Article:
A month or so back I watched Tavis Smiley’s Black State of the Union on CSPAN…I watched Al Sharpton and (the always cool) Cornel West warn Barak Obama that he cannot count on Black America’s vote…he had to demonstrate his loyalty (or his worthiness?) through paying attention to the needs of the African-American community. In short, he was not necessarily “the” African-American candidate (Obama was not at the event in Williamsburg, VA as he was announcing his candidacy in Springfield, Il…Lincoln’s birth place…I’m sure that contributed to some of Sharpton’s tone).
Following that event, media debate about Obama’s “blackness” (or at least “African-American-ness“) ensued. I saw it on CNN, I read about it in The Nation and I heard it on Air America. Obama’s mother is white, his father in Kenyan and (according to Chris Matthews on MSNBC) he thus has “no history of Jim Crow, no history of anger, of slavery.” Top it off with the fact that (according to Senator Joseph Biden) Obama is “articulate and bright and clean” and we magically have a debate about how “white” Obama is…this is, of course, complicated by past discussions about how “black” Bill Clinton was (does this extend to Senator Clinton?)
Air America’s Rachel Maddow pointed out the contradictions on a brief CNN appearance–on one hand Obama has to prove he has broader America’s interests at heart if he is to become a mainstream candidate…on the other hand if he does not pay enough attention to black issues he may alienate African-American voters (as Sharpton warns).
Here I am reminded of Carter Woodson’s discussion of the tensions between black folks who have been educated and “equipped for a life in White America”. . .”he must be both social and bisocial at the same time. While he is a part of the body politic he is in addition to this a member of a particular race… While serving his country he must serve within a special group (Woodson 1933:4). This dilemma seems the same for Obama as it was in 1933 for Woodson (In fact, a recent lecture at SAU by Dr. Walter Kimbrough, President of Philander Smith College, touched upon this tension as well).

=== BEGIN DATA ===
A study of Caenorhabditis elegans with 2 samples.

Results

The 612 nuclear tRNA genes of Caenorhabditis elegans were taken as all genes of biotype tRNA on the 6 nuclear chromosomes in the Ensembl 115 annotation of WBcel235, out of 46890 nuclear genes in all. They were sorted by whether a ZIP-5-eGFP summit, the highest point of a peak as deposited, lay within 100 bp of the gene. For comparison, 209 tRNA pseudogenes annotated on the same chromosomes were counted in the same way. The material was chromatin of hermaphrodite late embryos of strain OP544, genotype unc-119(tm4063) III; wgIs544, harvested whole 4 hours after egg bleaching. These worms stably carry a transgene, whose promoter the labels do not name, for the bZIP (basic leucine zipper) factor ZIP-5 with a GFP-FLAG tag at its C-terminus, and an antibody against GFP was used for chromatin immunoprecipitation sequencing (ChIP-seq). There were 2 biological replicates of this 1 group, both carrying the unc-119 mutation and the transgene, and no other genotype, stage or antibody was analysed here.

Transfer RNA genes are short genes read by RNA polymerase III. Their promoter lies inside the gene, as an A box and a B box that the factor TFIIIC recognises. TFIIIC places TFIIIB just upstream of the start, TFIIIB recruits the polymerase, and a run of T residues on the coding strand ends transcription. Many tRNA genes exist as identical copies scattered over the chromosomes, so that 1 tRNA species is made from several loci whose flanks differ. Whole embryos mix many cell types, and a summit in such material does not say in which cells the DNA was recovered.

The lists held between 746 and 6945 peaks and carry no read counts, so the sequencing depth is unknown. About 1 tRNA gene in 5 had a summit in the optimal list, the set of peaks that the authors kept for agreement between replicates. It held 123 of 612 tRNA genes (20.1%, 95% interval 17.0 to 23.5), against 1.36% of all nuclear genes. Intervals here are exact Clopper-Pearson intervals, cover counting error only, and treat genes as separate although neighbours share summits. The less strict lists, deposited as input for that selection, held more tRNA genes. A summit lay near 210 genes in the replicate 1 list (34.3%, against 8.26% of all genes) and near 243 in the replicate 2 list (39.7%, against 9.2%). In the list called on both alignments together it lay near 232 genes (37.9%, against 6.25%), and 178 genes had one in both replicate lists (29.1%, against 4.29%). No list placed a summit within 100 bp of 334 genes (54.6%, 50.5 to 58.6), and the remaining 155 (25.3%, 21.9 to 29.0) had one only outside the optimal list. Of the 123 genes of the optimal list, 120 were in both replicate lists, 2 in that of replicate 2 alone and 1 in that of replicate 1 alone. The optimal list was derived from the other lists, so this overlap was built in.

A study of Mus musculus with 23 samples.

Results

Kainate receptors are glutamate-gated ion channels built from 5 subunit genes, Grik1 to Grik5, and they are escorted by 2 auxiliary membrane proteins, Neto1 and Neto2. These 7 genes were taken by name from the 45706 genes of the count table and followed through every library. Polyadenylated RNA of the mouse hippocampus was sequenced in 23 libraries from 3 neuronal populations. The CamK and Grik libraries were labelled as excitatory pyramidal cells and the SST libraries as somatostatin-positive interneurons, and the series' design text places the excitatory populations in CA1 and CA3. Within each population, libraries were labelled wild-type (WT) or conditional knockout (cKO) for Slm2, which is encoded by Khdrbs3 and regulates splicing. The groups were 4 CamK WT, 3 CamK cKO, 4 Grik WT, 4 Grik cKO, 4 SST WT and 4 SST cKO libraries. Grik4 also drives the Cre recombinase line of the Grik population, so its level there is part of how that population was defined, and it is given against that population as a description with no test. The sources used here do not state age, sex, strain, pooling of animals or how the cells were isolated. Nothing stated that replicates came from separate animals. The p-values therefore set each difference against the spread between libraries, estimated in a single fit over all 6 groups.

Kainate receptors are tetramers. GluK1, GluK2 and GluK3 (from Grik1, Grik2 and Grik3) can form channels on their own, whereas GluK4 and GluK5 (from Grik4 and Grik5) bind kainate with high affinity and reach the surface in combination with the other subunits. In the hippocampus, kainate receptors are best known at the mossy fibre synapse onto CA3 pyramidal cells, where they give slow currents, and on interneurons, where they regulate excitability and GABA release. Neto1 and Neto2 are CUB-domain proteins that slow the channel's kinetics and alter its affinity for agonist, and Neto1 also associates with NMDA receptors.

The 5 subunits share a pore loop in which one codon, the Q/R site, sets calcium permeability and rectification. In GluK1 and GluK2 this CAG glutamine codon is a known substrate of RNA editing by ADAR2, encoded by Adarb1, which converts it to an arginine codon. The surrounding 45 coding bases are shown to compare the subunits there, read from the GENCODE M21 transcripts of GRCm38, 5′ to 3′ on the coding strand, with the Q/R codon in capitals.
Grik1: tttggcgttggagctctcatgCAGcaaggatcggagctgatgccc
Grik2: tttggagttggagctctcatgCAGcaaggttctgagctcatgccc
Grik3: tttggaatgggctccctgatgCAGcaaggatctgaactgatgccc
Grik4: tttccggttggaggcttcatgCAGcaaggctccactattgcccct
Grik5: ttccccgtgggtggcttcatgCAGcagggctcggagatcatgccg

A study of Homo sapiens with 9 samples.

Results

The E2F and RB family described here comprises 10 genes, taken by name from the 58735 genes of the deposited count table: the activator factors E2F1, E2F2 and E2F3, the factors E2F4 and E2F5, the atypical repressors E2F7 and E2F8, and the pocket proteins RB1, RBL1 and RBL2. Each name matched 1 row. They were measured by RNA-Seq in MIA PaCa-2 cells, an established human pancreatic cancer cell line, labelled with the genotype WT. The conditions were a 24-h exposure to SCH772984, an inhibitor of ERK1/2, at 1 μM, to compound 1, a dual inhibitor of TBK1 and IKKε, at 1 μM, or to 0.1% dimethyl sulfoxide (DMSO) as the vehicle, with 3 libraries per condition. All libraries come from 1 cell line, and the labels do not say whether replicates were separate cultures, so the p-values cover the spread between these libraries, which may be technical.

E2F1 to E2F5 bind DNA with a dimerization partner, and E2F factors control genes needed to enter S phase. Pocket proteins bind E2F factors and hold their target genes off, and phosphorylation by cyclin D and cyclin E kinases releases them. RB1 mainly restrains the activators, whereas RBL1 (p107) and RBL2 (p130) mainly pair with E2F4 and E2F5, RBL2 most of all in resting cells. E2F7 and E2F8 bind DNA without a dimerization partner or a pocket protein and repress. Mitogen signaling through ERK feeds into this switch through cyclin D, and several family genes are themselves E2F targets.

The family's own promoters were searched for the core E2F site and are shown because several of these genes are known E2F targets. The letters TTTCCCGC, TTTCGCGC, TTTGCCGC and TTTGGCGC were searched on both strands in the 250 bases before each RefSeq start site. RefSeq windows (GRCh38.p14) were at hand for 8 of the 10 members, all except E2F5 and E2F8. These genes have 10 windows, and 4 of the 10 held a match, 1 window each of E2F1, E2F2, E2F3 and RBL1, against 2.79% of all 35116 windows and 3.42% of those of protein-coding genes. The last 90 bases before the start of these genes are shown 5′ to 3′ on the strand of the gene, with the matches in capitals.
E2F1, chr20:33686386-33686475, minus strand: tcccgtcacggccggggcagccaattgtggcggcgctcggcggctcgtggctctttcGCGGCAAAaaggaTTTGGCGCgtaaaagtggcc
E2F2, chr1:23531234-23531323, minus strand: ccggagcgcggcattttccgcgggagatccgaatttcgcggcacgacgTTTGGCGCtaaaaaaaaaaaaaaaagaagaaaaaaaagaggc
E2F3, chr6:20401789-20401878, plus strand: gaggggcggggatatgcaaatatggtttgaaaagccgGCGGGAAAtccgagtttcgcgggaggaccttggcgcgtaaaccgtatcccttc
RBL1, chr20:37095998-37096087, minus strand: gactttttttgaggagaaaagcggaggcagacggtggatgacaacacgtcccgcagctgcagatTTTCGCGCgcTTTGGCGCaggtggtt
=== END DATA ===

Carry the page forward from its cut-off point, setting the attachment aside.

First, let’s dispense with the”Obama without history” quote (with all apologies to Eric Wolf). Were Abner Louima or Amadou Diallo (both immigrants and, in the case of the Guinean Diallo, without a history of American racial prejudice) asked for their papers before they were shot and/or tortured by the police? One’s own identity is only a part of the manifestations of American racism. The problem is not with Obama, but with the cultural memories and expectations of Joe Biden Chris Mathews and, perhaps, Al Sharpton.
Patricia Williams takes this point in an unexpected direction when she points out (in The Nation of March 5th) that “at a more complex level…American identify is defined by the experience of the willing diaspora, the break by choice that is the heart of the immigrant myth” and African-Americans, by and large, have been excluded from the “essential page of the American narrative” (p.13). Obama is a black American that can be counted among the willing immigrants.
There are lots of discussions about how Obama will “transcend race”…this is usually read as “transcending blackness”…but Obama must also (as Williams alludes to) “transcend” his whiteness and the increasing narrow expectations and contradiction of what makes a leader and “a black leader.”